Jagadish Chinthala is a beneficiary of that revolution in art, which, beginning in the late 1950s and triumphing generally by the early 1980s, has overthrown the traditional academic differentiation between painting and sculpture, and made possible the emergence of a variety of hybrid practices. OVer the last decade, Jagadish has addressed himself patiently to the development of one such hybrid practice. Liberated from having to choose between surface and volume as the preferred focus of his work, the artist casts papier-mache and Acrylic on Aluminium sculptures, either as columnar figures or as masks. These sculptures are then painted usually in the high-keyed palette that is identified as Jagadish’s hallmark.
Born in 1956 in Hyderabad, Southern India, Jagadish took a diploma in painting(1978) from the Fine Arts and Architecture College of the Jawaharlal Nehru Technical University in his home city Hyderabad. He then studied mural design at Maharaja Sayajirao University, Baroda, graduating in 1980. Seven years later, the artist travelled to the UK on a grant that enabled him to study Henry Moore’s sculpture: it was there that he underwent what he regards as a peak experience, when he stepped into the gallery of African masks permanently on display at the British Museum, London. The African mask-maker’s art had an electric effect on jag dish, triggering off a process of discovery across mask traditions, which was to transform the graph of his development as an artist.
The Artist now divides his time among homes in Michigan, Florida, and India. He visits the UK as often as he can, stopping over on his voyages across the Atlantic. A transcontinental figure, he finds that he must tap into the life of various societies, fit into various communities, decode various cultures. Globalisation pervasive as it is, cannot homogenise every feature of cultural specificity, and even though the same consumer goods may not be available in Miami and Mumbai, the same attitudes do not necessarily obtain in the two locations. The processes of globalisation unite people within one flow of goods and services, only to separate them by differences of value and power.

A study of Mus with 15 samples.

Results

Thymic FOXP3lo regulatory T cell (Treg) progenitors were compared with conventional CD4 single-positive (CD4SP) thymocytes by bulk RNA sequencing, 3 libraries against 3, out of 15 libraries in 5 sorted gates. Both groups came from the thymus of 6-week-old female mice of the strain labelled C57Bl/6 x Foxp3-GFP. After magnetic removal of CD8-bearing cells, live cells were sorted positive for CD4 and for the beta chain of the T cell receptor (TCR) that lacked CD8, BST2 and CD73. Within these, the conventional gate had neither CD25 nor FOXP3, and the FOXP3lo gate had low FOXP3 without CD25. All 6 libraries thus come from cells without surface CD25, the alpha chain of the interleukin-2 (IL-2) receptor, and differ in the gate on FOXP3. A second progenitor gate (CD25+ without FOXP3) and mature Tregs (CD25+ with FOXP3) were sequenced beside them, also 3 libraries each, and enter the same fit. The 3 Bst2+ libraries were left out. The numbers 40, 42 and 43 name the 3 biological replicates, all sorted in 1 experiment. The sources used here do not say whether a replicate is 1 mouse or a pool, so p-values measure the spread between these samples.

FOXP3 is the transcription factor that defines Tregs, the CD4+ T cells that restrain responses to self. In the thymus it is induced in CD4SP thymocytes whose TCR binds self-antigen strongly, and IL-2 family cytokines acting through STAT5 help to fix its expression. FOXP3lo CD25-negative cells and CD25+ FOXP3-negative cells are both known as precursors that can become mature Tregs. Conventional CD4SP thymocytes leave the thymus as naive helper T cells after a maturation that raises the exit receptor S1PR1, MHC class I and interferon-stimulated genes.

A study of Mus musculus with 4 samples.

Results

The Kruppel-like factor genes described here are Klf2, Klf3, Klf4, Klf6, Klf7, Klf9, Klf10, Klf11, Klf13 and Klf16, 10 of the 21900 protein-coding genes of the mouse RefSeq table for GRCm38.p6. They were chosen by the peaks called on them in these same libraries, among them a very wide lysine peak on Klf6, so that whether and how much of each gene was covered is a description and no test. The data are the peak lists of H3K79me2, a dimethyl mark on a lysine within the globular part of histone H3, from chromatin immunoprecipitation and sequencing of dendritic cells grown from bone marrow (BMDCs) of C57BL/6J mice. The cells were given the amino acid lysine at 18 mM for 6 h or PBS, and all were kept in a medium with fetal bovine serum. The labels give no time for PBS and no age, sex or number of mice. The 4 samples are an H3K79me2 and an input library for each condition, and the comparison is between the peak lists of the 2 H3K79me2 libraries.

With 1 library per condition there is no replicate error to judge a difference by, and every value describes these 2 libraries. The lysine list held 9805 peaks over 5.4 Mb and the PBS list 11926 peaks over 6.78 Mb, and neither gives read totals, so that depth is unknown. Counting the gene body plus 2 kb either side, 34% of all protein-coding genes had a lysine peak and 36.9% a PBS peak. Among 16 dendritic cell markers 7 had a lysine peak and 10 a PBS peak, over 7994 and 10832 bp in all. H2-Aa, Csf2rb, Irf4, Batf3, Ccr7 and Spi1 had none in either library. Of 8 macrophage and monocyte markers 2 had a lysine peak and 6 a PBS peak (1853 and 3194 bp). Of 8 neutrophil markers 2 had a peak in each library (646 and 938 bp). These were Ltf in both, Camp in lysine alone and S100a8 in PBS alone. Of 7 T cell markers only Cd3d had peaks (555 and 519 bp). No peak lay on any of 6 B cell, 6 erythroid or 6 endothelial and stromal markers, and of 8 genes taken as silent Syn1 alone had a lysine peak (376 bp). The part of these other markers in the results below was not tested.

This continual slipping from one identity to another finds articulation in the mask on a mask effect that Jagadish often summons up, it is a though one dissimulation were slipping off, to reveal yet another or perhaps as though one version of the reality were being peeled away to reveal another. Such masks demonstrate the simultaneous operation of two processes, that of understanding the other, and that of self-making. Jagadish’s masks testify to a private inquiry as well as a social orientation. Also, less noticeable than the celebration, but no less active for that, is an element of social critique. Jagadish seems to ask: What is it like to live in a global society in which one operates from behind a sequence of masks, as from behind the visor of an armour-suit, and can never reveal one’s true face? And then, can there ever be a true face in the masquerade?
But these questions are not shouted out with passionate intensity: rather, they are attended by a gentle smile. For these masks are the records of a traveller at large in world society, products of relaxed art that is of an for the present. Jagadish’s art communicates his relaxed curiosity about other people, their lives, their interests, how they make and display themselves, construct their identities, announce themselves to the world. This attitude leads him neither to romanticise the social, cultural or sexual Other, nor to deal in an updated anthropology of the global contemporary phrased in stereotypes. Rather, it enables him to engage in an art of portraiture that is sympathetic even in its critical moments: Jagadish’s images embody, above all, that need to connect which provokes the artist to form a relationship of dialogue and discovery with his world, without being paralysed by anxieties about a water-tight, travel-proof ethnic or national identity.